Chanting “Save Our School” and holding their signs high, students, parents, family and alumni gathered Saturday morning to protest the decision to close the Catholic school.
This past Tuesday, the Diocese of Rockville Centre to close the Sayville-based school this coming June because of declining enrollment. Six other Catholic schools across Long Island are also slated for closure at the end of the 2011-12 school year because of declining enrollment and other issues, the Diocese said.
are hopeful that the rally held outside the school is the first step in reversing the decision to close the Sayville Catholic school.
“We need to get the word out,” said Anthony Cantanese, a Sayville parent with two children at Prince of Peace. “We will be out here with our signs in March if that’s what it takes to keep the school open. We have a lot of pride in our school and they can’t take that away from us. Through protest and through prayer, we will be here to stay.”
Jeanne Opalinski, an Oakdale resident and parent of a fourth grader, said, "I’m just very sad about this. My daughter has been here since nursery school. We are like a close knit family and I don’t want that to change.”
Cantanese feels the statistics offered by the Diocese do not support the decision to close the school.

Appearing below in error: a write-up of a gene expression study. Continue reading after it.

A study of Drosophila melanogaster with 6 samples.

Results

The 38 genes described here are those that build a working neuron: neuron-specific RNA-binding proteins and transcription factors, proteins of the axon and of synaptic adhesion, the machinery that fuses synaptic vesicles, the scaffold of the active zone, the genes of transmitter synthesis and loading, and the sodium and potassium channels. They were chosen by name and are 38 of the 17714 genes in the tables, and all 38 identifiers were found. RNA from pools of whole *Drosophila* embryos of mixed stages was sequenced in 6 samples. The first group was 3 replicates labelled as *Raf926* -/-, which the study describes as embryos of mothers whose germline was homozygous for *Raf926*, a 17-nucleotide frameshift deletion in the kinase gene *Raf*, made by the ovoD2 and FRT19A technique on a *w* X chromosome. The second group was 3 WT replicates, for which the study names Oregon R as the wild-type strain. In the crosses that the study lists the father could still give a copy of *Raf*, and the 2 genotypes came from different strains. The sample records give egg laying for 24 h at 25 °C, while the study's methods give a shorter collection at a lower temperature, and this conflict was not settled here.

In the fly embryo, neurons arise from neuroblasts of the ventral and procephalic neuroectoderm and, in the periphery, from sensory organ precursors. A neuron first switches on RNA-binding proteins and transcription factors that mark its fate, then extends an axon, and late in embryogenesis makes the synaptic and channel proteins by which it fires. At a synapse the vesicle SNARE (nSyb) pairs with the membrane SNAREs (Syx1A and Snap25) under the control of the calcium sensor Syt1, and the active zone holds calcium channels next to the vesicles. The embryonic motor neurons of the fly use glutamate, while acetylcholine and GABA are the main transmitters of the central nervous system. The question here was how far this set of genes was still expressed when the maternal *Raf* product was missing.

“There are buildings in our area that are in worse shape than ours. Prince of Peace is being closed because of its geographic location,” he added.
Jerry Noone of Blue Point, parent of a third grader and seventh grader, echoed the sentiment.
“This school has been around for a really long time and there’s just no reason for closing it,” he said. “There are schools in worse financial shape. I think there was a distinct lack of impartiality in making this decision. We are hoping this protest is the first step and after this, we will consolidate our efforts and keep moving forward.”
Enrollment numbers for the school are down 24 percent over the past 10 years, from 179 students in 2001 to 136 students in 2011. But that drop in enrollment doesn’t compare to the decline in enrollment in surrounding schools, parents say. What’s more, there are more than 200 students enrolled at Prince of Peace if the nursery school and pre-K students are factored in.
Eight years ago, Prince of Peace was at risk of closure and it was the parents who rallied the financial support to keep it operational.
“Eight years ago, the school troubles were dumped in the laps of the parents and we were told to fix it. We made a five-year plan and we fixed it and we got this school healthy again,” said Susan Connolly of Sayville, who had three children come through the school.
In the beginning of the year, Connolly said parents were told every school was on the table, and a study was being done by the Diocese.
“If this is a clear decision, where is the study?” she asked. “The Diocese conducted this study and we were told to keep quiet and wait. We did what we were asked to do. Now I feel like we got kicked in the teeth. The shrouding of secrecy is what upsets me the most. This school graduates kids at the top of their academic game.”
“The parents have not been given any hard statistics,” Cantanese added. “All of this was done behind closed doors.”